PUBLISHED: 07:00 31 August 2009 | UPDATED: 11:47 06 July 2010

East Coast Truckers annual convoy for children 2009 head to the coast

East Coast Truckers annual convoy for children 2009 head to the coast

Thousands of people turned out yesterday to cheer and wave as the annual East Coast Truckers' children's convoy went on their magical journey.

Some 87 lorries left from County Hall in Norwich to treat disadvantaged youngsters to a trip in a truck and a day to remember at Pleasurewood Hills theme park at Corton, near Lowestoft.

Heading to the coast, the truckers' convoy

Thousands of people turned out yesterday to cheer and wave as the annual East Coast Truckers' children's convoy went on their magical journey.

Some 87 lorries left from County Hall in Norwich to treat disadvantaged youngsters to a trip in a truck and a day to remember at Pleasurewood Hills theme park at Corton, near Lowestoft.

The event is now in its 24th year and sees each child adopted for the day by the driver's family.

Organisers of the event said they are always taken by surprise by the huge turnout of well-wishers who line the roads along the journey.

Convoy director Glenn Johnson, who founded the event, said: “It is always amazing to see the crowds of people who come out to support us. There were big gatherings at County Hall, at Acle roundabout and we saw hundreds of people on Blofield bridge.

“When we go back in the evening they have to close off Yarmouth's Golden Mile because we get such a big turn-out there.”

Mr Johnson said it was impossible to say why the truckers take part in the event every year and why they do it, but he added: “We get as much out of it as the children do. Another really nice thing about it is that it does give a beleaguered industry a bit of a leg up.”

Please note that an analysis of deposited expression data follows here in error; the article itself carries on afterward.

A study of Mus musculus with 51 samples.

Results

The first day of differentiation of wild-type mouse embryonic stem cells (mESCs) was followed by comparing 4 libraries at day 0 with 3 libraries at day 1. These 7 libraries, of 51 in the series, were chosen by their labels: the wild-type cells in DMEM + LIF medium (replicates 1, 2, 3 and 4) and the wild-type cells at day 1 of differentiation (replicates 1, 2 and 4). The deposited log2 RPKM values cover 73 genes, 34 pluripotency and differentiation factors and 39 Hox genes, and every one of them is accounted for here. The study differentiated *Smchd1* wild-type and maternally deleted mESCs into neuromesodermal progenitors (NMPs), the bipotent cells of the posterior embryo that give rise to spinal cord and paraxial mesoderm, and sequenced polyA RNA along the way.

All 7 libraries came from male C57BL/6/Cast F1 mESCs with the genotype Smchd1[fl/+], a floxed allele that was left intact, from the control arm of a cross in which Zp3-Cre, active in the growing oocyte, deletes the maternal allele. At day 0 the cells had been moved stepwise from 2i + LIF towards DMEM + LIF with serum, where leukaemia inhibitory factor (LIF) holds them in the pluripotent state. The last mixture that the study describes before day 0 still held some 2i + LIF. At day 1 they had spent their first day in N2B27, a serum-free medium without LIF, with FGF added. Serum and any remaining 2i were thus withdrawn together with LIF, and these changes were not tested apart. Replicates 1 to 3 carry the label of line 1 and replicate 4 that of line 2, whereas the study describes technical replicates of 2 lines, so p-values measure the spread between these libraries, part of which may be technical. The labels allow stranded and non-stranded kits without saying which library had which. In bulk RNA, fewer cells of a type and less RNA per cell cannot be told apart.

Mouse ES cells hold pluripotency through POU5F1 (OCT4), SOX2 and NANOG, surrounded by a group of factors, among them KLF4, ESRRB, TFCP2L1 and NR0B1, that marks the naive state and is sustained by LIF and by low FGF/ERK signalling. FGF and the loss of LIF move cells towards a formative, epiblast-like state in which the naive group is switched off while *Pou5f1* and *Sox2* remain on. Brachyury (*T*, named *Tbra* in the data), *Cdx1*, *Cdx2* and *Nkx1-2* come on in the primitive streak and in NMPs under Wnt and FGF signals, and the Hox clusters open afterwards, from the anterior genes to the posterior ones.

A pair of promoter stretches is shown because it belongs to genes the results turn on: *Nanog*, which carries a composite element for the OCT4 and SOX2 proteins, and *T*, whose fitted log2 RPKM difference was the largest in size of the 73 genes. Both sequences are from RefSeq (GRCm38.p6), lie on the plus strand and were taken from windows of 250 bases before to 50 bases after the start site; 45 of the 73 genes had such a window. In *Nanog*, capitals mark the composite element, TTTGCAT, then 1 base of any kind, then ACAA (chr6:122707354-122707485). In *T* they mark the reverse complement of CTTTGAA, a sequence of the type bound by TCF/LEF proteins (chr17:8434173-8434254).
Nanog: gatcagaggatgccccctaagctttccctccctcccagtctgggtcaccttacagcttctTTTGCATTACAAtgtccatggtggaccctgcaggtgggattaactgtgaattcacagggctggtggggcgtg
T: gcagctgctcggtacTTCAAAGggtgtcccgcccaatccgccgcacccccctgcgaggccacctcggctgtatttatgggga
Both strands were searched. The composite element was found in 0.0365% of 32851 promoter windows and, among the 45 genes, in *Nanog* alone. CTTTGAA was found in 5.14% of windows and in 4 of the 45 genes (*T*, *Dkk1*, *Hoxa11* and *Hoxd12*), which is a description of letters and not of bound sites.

Assistant convoy director Rob Billman said the convoy is always treated exceptionally well when they go to Pleasurewood Hills. “Nothing is ever too much trouble,” he said. “They really make it a fantastic day out.”

The gleaming lorries arrived at the theme park to a cacophony of tooting horns.

Denise Thompson, commercial and public relations manager at Pleasurewood Hills, said that staff always feel emotional when they hear the lorries are on their way.

“We all get emotional because the tooting of the horns means they are nearly here,” she said.

“The visit is a highlight for the children themselves and for Pleasurewood Hills, to be actively helping disabled children and putting on the event for them. It is something the staff really enjoy. They love to see the youngsters' faces light up when they see Woody Bear. The children are treated like VIPs and are given priority on the rides. When they get here it is always a lovely atmosphere and the sun is shining which makes it even better.”